16 March 1924
I have written the above thoughts for members in the hope that they may give rise to further thoughts among anthroposophists everywhere. I think it will be well for the active members of the Society to take these thoughts as a starting-point, so that, in connection with them, they may lift all the members to a common consciousness of what the Anthroposophical Society truly is.
It is certainly right that the discussion of Anthroposophy and its application to life should be the main thing in the activity of our Group Meetings. And yet in many a Group Meeting there is surely room for the discussion of such things as have been indicated in these columns — no matter how small a portion of the time is allotted to it. If this is done, it will be found that many a member is stimulated to become a true representative of the Anthroposophical Society even in the non-anthroposophical external world.
It will not do to imagine that the essence and the task of the Anthroposophical Society can be contained in a few statutes, rules, or paragraphs. Not only does Anthroposophy carry its impulses deep into the thinking, feeling, and willing of man, but for this very reason Anthroposophy itself is strongly influenced by the inner life of the human being. Certainly its main substance can be described in general statements, principles and the like, as is done in so many spheres of spiritual life. But necessary as this may be, we must not stop short at this. Our general statements will be made alive and richly coloured when each one who bears them in his heart and mind is able to express them out of his own experience of life. Every such individual expression will contribute something of value towards an understanding of the truths of Anthroposophy.
If we attach the right importance to this fact, we shall make a discovery; we shall find ourselves continually becoming aware of fresh aspects revealing the real nature of the Anthroposophical Society.
Every active member in the Society will often enough find himself in the position of being questioned about one thing or another. The questioner hopes to receive instruction through the answer he expects. But he who is asked may also look to receive instruction by the way the questions are put to him. We should not be heedless of this latter kind of teaching. For by questions above all we learn to know the fullness and variety of life. Often the particular concern that underlies the question will emerge, and we should always be grateful when our questioners can speak to us in this way. Their help will enable us to grow better and better in the manner of our answers. The feeling, above all — the note which we strike in our answers — will grow better; and this is essential in the imparting of anthroposophical truths. The point is not merely what we say, but above all how we say it.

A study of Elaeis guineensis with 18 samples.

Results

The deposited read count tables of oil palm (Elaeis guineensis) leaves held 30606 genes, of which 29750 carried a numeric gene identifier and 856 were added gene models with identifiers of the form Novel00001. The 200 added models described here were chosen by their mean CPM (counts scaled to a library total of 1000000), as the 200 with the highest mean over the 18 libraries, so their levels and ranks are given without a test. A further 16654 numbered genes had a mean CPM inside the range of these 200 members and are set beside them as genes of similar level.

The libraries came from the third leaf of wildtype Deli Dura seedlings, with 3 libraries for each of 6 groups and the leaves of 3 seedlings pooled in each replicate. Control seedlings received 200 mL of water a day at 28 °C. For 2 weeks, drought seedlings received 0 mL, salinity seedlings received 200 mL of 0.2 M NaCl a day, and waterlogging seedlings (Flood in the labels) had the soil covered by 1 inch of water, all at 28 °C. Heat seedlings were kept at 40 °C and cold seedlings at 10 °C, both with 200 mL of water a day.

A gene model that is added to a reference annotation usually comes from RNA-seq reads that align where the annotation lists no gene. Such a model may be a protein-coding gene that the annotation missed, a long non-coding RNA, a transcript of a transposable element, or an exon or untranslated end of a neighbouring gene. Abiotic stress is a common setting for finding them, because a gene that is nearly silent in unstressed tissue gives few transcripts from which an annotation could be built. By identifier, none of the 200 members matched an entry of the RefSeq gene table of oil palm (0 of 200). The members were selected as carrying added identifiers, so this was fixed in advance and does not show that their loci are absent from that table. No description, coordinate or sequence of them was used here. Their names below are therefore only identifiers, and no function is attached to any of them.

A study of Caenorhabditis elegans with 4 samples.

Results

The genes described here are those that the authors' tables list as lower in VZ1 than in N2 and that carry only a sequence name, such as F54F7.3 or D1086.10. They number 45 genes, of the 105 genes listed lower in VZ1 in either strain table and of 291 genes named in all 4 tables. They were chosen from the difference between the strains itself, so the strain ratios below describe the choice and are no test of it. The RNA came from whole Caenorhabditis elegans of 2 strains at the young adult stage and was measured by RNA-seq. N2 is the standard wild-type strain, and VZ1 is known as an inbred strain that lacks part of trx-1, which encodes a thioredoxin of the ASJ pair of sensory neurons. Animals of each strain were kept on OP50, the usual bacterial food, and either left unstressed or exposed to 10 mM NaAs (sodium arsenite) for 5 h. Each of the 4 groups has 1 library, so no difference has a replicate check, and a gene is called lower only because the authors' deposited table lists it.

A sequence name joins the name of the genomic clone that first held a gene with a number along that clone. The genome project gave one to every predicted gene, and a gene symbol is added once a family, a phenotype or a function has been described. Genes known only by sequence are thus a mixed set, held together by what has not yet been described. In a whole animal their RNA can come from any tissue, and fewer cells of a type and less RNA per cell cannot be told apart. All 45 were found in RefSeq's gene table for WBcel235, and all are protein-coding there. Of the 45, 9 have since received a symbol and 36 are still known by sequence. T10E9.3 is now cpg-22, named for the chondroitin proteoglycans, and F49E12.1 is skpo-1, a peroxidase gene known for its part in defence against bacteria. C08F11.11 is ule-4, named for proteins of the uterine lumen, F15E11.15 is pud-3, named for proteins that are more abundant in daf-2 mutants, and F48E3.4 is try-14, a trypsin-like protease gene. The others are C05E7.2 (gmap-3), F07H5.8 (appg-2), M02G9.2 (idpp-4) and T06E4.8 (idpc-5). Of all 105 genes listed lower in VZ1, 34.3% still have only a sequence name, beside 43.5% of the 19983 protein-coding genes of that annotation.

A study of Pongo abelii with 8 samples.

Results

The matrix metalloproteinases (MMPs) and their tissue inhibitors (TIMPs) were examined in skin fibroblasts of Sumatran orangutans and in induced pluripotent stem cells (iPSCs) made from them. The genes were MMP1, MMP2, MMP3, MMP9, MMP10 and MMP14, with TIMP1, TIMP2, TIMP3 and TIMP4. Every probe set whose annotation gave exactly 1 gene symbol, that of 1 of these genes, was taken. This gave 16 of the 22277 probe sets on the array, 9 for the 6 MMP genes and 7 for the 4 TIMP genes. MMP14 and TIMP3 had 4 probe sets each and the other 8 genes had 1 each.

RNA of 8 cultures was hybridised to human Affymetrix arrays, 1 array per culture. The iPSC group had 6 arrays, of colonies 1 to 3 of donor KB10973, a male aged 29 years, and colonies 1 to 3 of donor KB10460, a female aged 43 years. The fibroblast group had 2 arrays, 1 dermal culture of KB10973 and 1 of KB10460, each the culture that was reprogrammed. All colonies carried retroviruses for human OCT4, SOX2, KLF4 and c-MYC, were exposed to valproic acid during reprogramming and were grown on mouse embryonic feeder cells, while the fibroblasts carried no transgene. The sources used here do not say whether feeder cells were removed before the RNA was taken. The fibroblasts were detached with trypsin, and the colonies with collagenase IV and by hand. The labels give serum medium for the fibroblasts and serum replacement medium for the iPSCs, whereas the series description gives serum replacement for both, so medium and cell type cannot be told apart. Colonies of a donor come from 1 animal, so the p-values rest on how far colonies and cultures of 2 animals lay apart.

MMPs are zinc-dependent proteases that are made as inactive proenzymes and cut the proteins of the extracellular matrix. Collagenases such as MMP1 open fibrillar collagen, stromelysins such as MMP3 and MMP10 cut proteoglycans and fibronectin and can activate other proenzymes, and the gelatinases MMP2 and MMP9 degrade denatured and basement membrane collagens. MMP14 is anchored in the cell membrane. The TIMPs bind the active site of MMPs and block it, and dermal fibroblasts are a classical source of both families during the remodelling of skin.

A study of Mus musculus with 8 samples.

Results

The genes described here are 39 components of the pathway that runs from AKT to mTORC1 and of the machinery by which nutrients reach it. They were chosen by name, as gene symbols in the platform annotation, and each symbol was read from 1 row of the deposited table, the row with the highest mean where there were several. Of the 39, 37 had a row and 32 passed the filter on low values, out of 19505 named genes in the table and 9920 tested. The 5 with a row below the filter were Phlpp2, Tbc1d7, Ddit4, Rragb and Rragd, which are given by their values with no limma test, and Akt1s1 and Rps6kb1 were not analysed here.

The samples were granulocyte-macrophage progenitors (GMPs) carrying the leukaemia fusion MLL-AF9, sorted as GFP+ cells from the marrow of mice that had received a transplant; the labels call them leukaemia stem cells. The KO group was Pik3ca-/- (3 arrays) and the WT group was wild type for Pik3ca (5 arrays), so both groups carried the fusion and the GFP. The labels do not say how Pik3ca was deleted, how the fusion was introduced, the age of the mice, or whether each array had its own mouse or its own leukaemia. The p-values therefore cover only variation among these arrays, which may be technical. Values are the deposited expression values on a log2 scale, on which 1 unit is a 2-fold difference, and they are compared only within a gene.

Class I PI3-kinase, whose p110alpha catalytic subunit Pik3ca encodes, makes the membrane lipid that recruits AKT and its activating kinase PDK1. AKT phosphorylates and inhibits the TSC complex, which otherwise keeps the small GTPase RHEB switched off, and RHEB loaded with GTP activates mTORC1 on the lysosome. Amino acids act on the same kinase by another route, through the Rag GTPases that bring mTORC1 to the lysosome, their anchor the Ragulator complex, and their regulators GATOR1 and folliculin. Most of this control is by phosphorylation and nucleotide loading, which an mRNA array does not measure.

After all, from a certain point of view anthroposophical truths are the greatest of all things that men can communicate to one another. To impart such things to a fellow-man without a deep inner feeling of what one is imparting is in fact already to distort them. Now this inner feeling is deepened when we perceive, in a whole variety of human beings, the background of real life from out of which they ask their questions. We need not make ourselves examiners, psychological vivisectors of one another; we can be perfectly content with what the questioner of his own accord puts into his questions. But no active member of the Anthroposophical Society should ever be content to answer all questions by a hard and fast, ready-made scheme.
It is often emphasised, and rightly, that Anthroposophy must come to life in mankind and not remain a mere teaching. But a thing can only come to life when it takes a perpetual stimulus from life.
If we cultivate such conduct in Anthroposophy, Anthroposophy will become a stimulus to human love; and indeed all our work in its sphere should be steeped in love. Anyone who has kept his eyes open in the Anthroposophical Society will know that many people come into it because, when the truths of life are presented to them in other quarters, they miss the fundamental note of human love. The soul of man has a fine sensitiveness to perceive this note in what is spoken; and this in the very highest degree becomes a medium of understanding.
It may perhaps be said, Why should love be brought into a description of the evolution of the Earth? But when we have once come to understand that the evolution of the Earth and of the Universe is only the other side of the evolution of Mankind, we shall no longer doubt that the soul of these truths too is love.